Action Laval wants city to start planning ‘aqua centre’ over from scratch

Opposition councillors say $80 million project can be built for $60 million

Action Laval wants city to start planning ‘aqua centre’ over from scratch
Action Laval city councillors and members agree the City of Laval should start over from scratch to plan and build a new aquatic centre.
Martin C. Barry

A year after the City of Laval`s decision to postpone construction of a new aquatic complex, the city’s unofficial but largest opposition group is denouncing the administration of Mayor Marc Demers for being without a coherent plan for the facility, even though Laval will be hosting part of the Jeux du Québec next year.

Calling the situation a “financial fiasco,” Action Laval councillors and supporters held a press conference last week to underscore the reality that the complex, initially slated to be built on Terry Fox Ave. near the Cosmodôme, will almost certainly not be built in time to host the 2020 Jeux du Québec. Instead, the City of Laval will be leasing space at the City of Saint-Eustache’s aquatic complex.

Foundations poured

While the City of Laval did some initial planning and had the concrete foundations for a future aquatics complex poured into place in advance for $10 million, the foundations had to be specially protected against the winter elements, while contract bids that were received by the city came in too high and were rejected.

While the former administration of Mayor Gilles Vaillancourt had estimated it would be a $36 million project, the Demers administration re-evaluated its cost as being closer to $61 million. However, when the first contractor bids came in, they were all for more than $80 million.

“Field of Dreams was a 1989 film in which a farmer heard a voice telling him, ‘If you build it he will come,’ said Action Laval councillor for Saint-Bruno David De Cotis. “The aquatic complex is not the Field of Dreams. Marc Demers should stop dreaming and face reality and get into action and solution mode.”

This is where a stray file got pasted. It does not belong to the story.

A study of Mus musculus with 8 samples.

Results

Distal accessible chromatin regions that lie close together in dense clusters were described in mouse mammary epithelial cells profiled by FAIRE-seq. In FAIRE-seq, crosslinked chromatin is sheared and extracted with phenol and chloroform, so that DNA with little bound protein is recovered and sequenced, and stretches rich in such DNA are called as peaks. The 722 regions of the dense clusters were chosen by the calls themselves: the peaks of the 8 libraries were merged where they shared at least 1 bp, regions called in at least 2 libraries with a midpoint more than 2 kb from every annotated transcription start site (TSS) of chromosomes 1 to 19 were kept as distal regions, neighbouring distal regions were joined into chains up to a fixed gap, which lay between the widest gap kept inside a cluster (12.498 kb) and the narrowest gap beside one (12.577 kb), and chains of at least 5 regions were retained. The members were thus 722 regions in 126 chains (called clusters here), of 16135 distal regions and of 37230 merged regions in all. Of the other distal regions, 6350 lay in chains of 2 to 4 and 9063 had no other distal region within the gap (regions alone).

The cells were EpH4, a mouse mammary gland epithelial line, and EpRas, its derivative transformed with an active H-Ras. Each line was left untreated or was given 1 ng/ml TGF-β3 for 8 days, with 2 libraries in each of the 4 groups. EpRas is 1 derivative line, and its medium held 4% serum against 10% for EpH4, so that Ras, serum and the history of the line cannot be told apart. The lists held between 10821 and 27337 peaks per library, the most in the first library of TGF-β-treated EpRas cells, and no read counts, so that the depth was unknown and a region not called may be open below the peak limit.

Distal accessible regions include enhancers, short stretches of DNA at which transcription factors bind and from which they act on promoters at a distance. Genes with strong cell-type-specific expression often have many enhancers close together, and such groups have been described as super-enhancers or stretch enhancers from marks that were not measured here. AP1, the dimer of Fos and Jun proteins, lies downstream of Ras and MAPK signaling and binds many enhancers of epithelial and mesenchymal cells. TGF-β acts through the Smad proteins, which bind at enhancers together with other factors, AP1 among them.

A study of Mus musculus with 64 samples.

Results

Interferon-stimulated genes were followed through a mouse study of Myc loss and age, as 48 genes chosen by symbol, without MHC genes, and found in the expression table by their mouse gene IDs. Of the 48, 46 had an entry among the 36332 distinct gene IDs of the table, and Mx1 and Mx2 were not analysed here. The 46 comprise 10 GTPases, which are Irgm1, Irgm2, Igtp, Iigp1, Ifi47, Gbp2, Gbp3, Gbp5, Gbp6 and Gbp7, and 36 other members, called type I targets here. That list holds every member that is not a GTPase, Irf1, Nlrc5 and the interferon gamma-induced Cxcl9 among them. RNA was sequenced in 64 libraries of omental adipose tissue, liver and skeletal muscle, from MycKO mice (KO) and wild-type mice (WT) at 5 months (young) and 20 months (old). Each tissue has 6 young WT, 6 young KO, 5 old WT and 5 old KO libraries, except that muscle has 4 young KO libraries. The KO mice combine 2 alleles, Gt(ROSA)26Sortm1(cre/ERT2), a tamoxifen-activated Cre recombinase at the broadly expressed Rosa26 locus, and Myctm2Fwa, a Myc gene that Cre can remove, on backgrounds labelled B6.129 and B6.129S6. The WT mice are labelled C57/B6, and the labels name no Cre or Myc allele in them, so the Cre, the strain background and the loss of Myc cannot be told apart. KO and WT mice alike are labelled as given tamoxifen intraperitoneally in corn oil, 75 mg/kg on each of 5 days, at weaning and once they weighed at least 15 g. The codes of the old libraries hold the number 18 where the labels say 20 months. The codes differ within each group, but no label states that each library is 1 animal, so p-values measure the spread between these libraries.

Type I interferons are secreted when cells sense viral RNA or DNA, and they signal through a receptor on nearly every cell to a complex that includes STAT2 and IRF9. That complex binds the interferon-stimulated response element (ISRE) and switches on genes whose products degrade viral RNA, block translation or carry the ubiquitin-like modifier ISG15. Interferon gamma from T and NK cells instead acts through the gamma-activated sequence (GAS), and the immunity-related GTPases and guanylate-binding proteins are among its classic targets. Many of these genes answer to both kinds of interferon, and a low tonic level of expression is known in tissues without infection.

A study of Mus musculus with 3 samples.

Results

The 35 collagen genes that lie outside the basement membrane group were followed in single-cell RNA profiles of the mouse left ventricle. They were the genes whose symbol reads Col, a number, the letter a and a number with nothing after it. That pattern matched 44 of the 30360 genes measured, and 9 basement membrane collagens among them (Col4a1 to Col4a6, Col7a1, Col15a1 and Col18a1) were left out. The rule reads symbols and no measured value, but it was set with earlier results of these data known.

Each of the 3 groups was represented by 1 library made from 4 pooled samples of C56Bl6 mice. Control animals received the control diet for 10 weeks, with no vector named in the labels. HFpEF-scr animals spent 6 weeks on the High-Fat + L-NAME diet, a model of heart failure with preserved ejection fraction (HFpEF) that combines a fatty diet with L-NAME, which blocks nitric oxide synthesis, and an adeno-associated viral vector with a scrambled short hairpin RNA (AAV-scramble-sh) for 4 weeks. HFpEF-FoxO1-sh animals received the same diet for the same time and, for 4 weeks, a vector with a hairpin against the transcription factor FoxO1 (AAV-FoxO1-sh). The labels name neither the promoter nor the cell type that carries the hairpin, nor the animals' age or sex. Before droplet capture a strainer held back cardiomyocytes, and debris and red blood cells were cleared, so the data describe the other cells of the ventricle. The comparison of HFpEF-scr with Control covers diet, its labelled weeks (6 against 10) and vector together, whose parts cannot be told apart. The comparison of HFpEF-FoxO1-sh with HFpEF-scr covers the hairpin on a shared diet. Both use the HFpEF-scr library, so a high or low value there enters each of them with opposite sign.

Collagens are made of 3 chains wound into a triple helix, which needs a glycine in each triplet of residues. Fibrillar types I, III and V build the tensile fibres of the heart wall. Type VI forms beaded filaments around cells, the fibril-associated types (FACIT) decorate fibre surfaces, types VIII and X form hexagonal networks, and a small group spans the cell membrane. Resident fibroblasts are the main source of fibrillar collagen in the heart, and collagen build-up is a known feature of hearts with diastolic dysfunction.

Action Laval wants city to start planning ‘aqua centre’ over from scratch
Action Laval city councillors David De Cotis and Michel Poissant spoke out last week against the City of Laval’s handling of the planning and construction of a new aquatic centre.

Examples of other projects

The Action Laval research team found aquatic complexes – one completed in Brossard, another in Mascouche – that according to the party were built for $39 million and $14 million respectively.

“The City of Laval can easily build an aquatic complex like the one in Brossard and save $40 million,” De Cotis maintained. “How can we trust this administration which does not respect established parameters and that throws away taxpayers’ money through the windows as if it was Monopoly money.”

De Cotis went on to say that “the bad management of public funds which we are seeing more and more often was one of the reasons I left the administration of Marc Demers.” He said the city should re-start the aquatic complex project over from scratch, bulldozing the foundations despite their $10 million cost.

Start over, says De Cotis

“The City of Laval, instead of having a $10 million cement hole, should start from zero, cut their losses, take the bulldozer, remove the foundation and build a brand new aquatic centre for $60 million,” added De Cotis, insisting that such a centre would meet residents’ requirements.

De Cotis said the situation is “embarrassing” for the City of Laval. “We’re hosting the Quebec Laval Games in 2020, and instead of having those games in Laval we have them in Saint Eustache,” he said. “This is very embarrassing for us all.”

Action Laval city councillor for Chomedey Aglaia Revelakis agrees it’s not appropriate for the Laval to be hosting something like the Jeux du Québec while using an athletic facility in a neighbouring municipality. “In other words, we’re hosting but we’re not hosting the games,” she said.

“This is an embarrassment to a city that is the third-largest in Quebec and for all its citizens,” she added. “Yes, we got the games, but in the end we’re not even hosting them properly because we were not able to build the aquatic centre as scheduled.”